Thursday, December 30, 2010


ISAAC CODY, deceased. Among the most outspoken and thoroughly active men who were identified with the Free-state party in Kansas was the subject of this sketch. He was born in Canada, where he was reared until his eighteenth year, when his father emigrated to the states with his family, and purchased tracts of land on which is now situated a portion of the city of Cleveland, Ohio. In 1840 Mr. Cody came West, and concluded to locate in Iowa. Returning to Ohio in 1841 he married in Cincinnati, Miss Mary B. Laycock. With his young wife he returned to Iowa, locating for a time in Davenport, and soon after turned his attention to agricultural pursuits in Scott County, residing a few years at Walnut Grove, these moved to LeClaire, and eventually returned to Davenport. Being a man of learning and an impressive and eloquent speaker, he soon became known among the politicians of the Hawkeye State.

He was elected a member of the Iowa Legislature, was Justice of the Peace and held other offices. For a few years he was interested in operating the stage line between Davenport and Chicago. In 1849, with others, he determined to go to California. When the necessary preparations had been made some of the party became discouraged and the project was abandoned. He then located as before mentioned, on a farm on Walnut Grove. In the spring of 1854 he moved with his family to Weston, Platte Co., Mo., where he had a brother residing. A friend of Mr. Cody's, who was a Congressman from Scott County, Iowa, informed him that he would convey him the news privately as to the time of the passage of the Kansas bill, known as the Enabling Act of Kansas Territory, and he could have the honor of pre-empting the first claim, which as far as can be ascertained was carried out in detail.

Early in 1853 he located a claim on Salt Creek Valley, four miles from the Kickapoo Agency, where he resided until April, 1854, when the bill passed and he pre-emptied. Mr. Cody was a strong Free-state man, and his troubles commenced as soon as that fact was known to the border ruffians and others of the stripe. On one occasion he was requested by a crowd to make a speech and express his views on the issues of the day, which he undertook to do; but before he had proceeded far a Missourian sprang on him with a knife, stabbing him severely. The third child born to Mr. and Mrs. CODY was a son, who was named William F. His name, or rather his soubriquet, to-day is familiar to every one throughout the Union and a great portion of Europe as Buffalo Bill.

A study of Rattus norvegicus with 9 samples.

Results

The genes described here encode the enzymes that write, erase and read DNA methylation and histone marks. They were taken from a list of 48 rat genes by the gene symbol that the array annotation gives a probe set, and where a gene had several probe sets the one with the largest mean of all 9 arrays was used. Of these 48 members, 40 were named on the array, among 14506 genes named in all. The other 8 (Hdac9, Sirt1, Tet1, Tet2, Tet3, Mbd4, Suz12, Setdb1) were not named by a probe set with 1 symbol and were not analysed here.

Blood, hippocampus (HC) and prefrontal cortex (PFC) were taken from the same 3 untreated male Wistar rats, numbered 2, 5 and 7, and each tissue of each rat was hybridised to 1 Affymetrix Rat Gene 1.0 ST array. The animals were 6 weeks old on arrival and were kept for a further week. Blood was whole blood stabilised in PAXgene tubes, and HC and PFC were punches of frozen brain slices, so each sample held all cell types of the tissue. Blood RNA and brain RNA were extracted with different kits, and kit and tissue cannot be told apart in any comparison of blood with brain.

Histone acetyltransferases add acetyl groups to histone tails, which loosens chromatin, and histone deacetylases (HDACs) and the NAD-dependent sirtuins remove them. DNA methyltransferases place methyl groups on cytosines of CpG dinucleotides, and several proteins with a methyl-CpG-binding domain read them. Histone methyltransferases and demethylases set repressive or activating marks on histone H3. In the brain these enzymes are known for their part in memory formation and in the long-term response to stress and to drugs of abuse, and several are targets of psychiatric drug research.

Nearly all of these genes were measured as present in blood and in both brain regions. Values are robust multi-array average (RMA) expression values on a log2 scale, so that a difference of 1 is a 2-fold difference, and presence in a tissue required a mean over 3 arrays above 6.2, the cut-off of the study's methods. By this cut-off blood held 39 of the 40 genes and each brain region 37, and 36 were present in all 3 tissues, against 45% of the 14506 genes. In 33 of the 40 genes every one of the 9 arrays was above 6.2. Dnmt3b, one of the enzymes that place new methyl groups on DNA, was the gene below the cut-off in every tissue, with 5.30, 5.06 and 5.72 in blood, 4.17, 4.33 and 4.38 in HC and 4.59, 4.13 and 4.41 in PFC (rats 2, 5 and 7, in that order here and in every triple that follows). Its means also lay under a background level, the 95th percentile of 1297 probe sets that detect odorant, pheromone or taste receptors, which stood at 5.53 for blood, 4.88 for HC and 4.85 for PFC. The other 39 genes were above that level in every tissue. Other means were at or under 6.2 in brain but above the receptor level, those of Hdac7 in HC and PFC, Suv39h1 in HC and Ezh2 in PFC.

At that time, but a mere lad, he was instrumental in saving his father's life, and as he grew older he became a terror to the Pro-slavery party. Mr. Cody found that he could not lie on Salt Creek, as it became necessary for him one night to leave his house in female attire, they were after him so strongly; so he went to Grasshopper Falls and commenced the erection of a saw-mill. It was ascertained by the family that the Pro-slavery party intended to wait and waylay him as he returned from the Falls, to kill him. Mrs. Cody started little Billy to the Falls on a horse, a distance of thirty-five miles. He had gone but a short distance when he was discovered by a party of Pro-slavery men, who recognized him and gave chase, but he displayed the nerve and grit that characterized him as a man afterward, and made his adventurous trip all right.

Mr. Cody at once went to Lawrence, where they were organizing the Lecompton Legislature. He was elected a member of that body, and took part in organizing the first Legislature under Gov. Reeder. He was one of the agents sent to Ohio to encourage immigration. He afterward continued his work on his mill at the Falls, and did much in given the town a start. When he visited his home he did under cover of the night, for his life was in continual jeopardy. Thus life was a constant struggle with him, which he bravely bore until April, 1857, when his death occurred, which was largely due to the wound he received a few years previous, and exposure. Mrs. Cody continued to reside on Salt Creek until her death which occurred November 22, 1863. There were seven children in the Cody family--Samuel (the oldest, was accidentally killed in Iowa), Julia M. (wife of J. A. Goodman), William F. (Buffalo Bill), Eliza, Laura E., Mary H., and Charles W. Cody.

This information was taken from; ( William G. Cutler's History of the State of Kansas.) JEFFERSON COUNTY, Part 8.

1 comment:

Col. B. Bunny said...

An interesting story. Thanks for your efforts to publish this.